Three Ways to Avoid SOA Snafus: Page 2


One problem that often arises for companies that fail to think about governance is version management. “You may start to roll out services and everything is fine until you need to change something,” he says. There is a ripple effect from altering services that can extend all the way to customers that could disrupt business. “You have to develop a plan beforehand for updating and changing services,” Bloomberg says.

3. Treating security as an afterthought. Security can be one of the trickiest areas of SOA because organizations are reusing services that might have been created externally. “Before you bring services into your SOA environment, you have to put standards-based interfaces on them. If you don’t take care of security issues, you’ll put a hole in the SOA wall,” Bloomberg says.

Jon Gossels, president and CEO of SystemExperts Corp. in Boston, says that most services, to be made as reusable as possible, have security stripped out of them. “This isn’t good,” he says. To combat this problem, he urges IT groups to add service interfaces that address compliance mandates and cater to the highest level of security each application requires.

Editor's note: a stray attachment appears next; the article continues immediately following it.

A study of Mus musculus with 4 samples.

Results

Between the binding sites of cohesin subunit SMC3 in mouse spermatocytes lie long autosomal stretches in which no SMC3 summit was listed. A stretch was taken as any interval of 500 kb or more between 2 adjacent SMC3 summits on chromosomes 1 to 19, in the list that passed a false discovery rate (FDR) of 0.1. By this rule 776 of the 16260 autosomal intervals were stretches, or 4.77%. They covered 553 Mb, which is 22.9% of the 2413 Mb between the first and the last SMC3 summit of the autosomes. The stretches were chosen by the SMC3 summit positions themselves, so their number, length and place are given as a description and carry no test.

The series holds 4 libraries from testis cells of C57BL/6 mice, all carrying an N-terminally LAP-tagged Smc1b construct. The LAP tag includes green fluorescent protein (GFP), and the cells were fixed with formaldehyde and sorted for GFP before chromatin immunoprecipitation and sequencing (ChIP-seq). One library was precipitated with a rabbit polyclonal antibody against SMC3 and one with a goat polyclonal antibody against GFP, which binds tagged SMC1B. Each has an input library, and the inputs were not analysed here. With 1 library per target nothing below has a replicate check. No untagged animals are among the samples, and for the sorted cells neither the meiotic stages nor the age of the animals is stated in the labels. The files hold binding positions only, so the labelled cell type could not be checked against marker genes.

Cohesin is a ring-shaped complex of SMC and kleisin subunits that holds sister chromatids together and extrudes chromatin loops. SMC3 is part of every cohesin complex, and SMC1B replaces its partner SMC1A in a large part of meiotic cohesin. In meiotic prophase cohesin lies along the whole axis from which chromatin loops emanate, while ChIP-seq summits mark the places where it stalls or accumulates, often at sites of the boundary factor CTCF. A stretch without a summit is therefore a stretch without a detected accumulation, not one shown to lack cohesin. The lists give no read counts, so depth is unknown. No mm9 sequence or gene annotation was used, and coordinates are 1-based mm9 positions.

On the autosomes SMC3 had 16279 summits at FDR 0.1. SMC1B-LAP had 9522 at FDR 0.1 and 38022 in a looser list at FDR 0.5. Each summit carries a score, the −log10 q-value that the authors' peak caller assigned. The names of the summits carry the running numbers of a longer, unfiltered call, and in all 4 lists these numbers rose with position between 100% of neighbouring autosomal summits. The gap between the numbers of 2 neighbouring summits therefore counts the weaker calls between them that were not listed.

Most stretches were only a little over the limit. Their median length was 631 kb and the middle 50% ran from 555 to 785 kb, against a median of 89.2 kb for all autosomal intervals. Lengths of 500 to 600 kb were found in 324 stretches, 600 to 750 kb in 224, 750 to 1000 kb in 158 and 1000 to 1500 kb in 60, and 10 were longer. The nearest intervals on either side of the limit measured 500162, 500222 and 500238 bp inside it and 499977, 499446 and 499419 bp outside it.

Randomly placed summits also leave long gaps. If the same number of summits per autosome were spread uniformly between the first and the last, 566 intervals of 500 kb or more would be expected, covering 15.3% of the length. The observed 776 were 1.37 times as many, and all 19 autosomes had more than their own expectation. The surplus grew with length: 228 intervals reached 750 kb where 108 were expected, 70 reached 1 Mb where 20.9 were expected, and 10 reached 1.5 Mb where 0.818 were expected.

In addition, IT groups should carefully plot out their authorization and authentication strategies. “You need to decide who controls the addition of new services and who can change services that are already in use,” Gossel says.

Organizations should also monitor the services that come onto the network. “Otherwise, you could have someone deploy a rogue service and you’d have no way of knowing it,” he says.

Gleason says companies should expect to have some glitches along the way with SOA deployments. To minimize the risk, they should modularize their architecture plans and roll out pieces little by little. “If you start out too big, you’ll run into problems. The first time out can be tough, but it does get better… and you’ll see that SOA does make your life easier,” he says.